Robert Gould and Colleen Ryan
Publication Date: 
[Reviewed by
Robert W. Hayden

In addition to the influence Moore’s books had on college courses, they had an even larger influence on AP Statistics, where the official syllabus was very much in the spirit of Moore’s texts, and the first text explicitly written and widely used for AP Statistics was an adaptation of Introduction to the Practice of Statistics by Dan Yates. A descendant of that text is still widely used for AP, and the other common texts are also in Moore’s spirit. All are (or have related) college textbooks, with the main difference being that the high school texts emphasize graphing calculators as their technology, and have sturdier bindings.

Many of the principles embodied in Moore’s text have since been incorporated into the Guidelines for Assessment and Instruction in Statistics Education (GAISE) Reports published by the American Statistical Association. Those have now become so widely recognized that many textbooks claim to follow them, though often doing so more on the surface than in substance. By now the reader will not be surprised to hear that the book at hand is clearly in the Moore tradition, and implements most of the GAISE recommendations well. Beyond that, it offers little that many other textbooks have not already claimed to offer, and several that meet their claims. It is worthy of consideration, perhaps in the top 10% of such books, and adoption will probably depend on how well details fit local conditions.

Which brings us to a difficult issue. One of the Moore/GAISE principles is to use real data. Unfortunately, there are wide differences of opinion as to what that means. To your reviewer, it means using data gathered in real studies to answer a research question. This helps to convince students that statistics really is used outside the classroom, and introduces them to many practical applications that can be very motivating. It is also true that such data are more complex and more interesting than numbers made up for practicing calculating.

Unfortunately, very little such data appears in this textbook. The data in the examples and exercises are almost all tiny batches of numbers suited to computational practice. Few raise any interesting questions. Few include enough data to check assumptions (as Moore told us to do). Few illustrate real research questions or applications. They are real only in the sense of not being fictional. There are two clues as to why this might be the case. One is that graphing calculators are one of the technologies supported, and the other is that one of the authors teaches at a community college where graphing calculators unfortunately are often the technology of choice. (Note though that Stats Homework is but one example of free statistical software that is available.) This makes the text at hand a good recommendation in that environment, but is a serious shortcoming in any environment where more appropriate technology is available. So your reviewer has several words of advice to the authors.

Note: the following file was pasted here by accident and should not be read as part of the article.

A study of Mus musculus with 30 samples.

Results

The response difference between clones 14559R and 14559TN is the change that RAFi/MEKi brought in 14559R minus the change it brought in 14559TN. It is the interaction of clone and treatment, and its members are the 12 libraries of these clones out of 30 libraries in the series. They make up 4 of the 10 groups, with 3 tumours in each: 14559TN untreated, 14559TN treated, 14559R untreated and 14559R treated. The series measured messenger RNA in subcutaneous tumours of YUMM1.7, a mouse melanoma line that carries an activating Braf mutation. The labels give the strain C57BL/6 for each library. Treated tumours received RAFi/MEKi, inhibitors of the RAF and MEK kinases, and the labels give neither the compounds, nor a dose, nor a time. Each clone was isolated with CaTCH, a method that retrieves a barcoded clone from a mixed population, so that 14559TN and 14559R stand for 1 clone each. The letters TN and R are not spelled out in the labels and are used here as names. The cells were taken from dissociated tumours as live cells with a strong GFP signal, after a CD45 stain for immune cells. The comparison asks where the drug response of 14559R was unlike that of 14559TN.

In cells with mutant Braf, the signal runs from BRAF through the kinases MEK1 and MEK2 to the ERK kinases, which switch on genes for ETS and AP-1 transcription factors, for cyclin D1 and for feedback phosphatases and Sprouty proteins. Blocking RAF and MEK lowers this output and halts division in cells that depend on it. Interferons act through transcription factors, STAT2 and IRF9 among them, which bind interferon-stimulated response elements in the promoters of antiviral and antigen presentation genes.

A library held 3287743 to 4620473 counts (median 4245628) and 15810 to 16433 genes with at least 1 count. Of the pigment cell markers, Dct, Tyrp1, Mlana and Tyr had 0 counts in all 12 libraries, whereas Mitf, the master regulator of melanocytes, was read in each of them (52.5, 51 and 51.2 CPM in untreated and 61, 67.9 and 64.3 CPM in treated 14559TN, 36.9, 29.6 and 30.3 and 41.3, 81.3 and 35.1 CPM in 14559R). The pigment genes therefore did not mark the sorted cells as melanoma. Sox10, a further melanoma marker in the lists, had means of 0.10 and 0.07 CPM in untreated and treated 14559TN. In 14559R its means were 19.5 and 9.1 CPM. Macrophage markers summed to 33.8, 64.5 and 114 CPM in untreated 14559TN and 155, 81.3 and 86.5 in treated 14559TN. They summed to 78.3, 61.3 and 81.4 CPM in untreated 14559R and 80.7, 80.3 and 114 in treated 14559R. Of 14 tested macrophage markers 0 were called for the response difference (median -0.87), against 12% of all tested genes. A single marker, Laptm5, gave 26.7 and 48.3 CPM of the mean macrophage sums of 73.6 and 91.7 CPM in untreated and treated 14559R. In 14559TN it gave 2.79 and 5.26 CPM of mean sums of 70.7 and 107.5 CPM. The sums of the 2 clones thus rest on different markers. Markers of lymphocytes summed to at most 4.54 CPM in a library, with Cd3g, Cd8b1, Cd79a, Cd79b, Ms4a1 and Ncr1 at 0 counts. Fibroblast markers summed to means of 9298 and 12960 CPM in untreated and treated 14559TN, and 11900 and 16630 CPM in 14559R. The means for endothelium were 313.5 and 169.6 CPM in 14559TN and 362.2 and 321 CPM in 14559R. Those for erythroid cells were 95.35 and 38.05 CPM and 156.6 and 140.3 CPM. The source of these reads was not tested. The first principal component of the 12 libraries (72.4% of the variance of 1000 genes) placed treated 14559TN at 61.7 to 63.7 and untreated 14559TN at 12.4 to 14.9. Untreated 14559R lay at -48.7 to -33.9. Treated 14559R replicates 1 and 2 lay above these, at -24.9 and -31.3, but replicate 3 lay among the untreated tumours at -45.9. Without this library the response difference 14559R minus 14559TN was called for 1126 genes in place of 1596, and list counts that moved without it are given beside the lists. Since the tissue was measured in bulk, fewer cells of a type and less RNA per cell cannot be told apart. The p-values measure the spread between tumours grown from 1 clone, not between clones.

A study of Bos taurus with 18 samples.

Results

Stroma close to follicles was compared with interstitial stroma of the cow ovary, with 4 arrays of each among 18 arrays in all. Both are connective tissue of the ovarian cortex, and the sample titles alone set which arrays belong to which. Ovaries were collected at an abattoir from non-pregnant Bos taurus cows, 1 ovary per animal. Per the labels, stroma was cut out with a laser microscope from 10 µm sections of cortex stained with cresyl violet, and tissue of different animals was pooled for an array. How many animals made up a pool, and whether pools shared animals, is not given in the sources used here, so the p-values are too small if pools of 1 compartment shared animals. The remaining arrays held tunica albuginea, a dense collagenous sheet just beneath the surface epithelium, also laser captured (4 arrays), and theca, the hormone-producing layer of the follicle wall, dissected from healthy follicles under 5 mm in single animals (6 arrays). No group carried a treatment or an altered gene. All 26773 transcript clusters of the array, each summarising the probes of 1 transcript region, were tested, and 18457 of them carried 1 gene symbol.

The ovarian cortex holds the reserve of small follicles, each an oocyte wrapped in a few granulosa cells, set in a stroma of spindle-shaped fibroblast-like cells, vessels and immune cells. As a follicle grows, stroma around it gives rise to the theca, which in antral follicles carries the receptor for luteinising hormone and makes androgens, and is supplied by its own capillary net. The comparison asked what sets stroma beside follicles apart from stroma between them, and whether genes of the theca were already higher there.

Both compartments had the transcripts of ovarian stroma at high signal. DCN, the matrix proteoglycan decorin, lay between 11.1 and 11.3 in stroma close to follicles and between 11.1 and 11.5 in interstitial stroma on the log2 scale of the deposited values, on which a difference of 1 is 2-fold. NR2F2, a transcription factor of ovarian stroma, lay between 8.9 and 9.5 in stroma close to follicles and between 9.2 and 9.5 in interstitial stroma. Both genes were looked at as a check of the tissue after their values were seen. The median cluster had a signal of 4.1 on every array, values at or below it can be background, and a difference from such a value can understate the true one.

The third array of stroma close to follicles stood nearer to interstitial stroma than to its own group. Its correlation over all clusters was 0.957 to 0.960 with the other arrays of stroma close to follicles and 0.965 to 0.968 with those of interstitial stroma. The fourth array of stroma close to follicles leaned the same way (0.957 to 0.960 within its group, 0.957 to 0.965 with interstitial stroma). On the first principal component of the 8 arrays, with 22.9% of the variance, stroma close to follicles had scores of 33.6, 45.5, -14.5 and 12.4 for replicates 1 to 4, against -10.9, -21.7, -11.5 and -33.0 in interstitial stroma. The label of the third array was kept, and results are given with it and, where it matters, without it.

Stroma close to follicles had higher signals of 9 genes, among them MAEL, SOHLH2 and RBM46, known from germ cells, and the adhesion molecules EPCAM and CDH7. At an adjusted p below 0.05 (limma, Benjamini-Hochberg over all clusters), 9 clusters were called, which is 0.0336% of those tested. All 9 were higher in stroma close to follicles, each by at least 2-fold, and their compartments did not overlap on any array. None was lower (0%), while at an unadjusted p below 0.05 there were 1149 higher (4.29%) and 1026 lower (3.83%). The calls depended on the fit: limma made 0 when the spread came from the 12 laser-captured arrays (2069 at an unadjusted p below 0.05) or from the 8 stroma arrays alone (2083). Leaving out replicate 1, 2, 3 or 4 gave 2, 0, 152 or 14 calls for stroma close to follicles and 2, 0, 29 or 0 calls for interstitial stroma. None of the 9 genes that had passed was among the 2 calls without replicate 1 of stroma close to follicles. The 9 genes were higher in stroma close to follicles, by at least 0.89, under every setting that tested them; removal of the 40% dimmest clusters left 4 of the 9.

1. Market the current book to community colleges. It would be a standout there.
  2. Create a college edition where most of the data sets in exercises are of reasonable size and complexity and come from real studies answering real research questions.
  3. Adapt this book slightly to create an AP Statistics text. Keep the graphing calculator stuff but include the datasets from the college version as well as the ones small enough for the calculators.

Except when illustrating a formula, all the examples in all the versions should use the larger datasets. There should be an icon next to the minority of exercises with data sets small enough to fit in a graphing calculator.

In fairness, it should be mentioned that this advice applies equally to many other college textbooks and most AP Statistics textbooks. But there are options available, and so it is hard to recommend this text in its current form unless one supplements it heavily with data from real research studies, or is really and truly unable to use anything more powerful than a graphing calculator.

After a few years in industry, Robert W. Hayden ( taught mathematics at colleges and universities for 32 years and statistics for 20 years. In 2005 he retired from full-time classroom work. He contributed the chapter on evaluating introductory statistics textbooks to the MAA’s Teaching Statistics.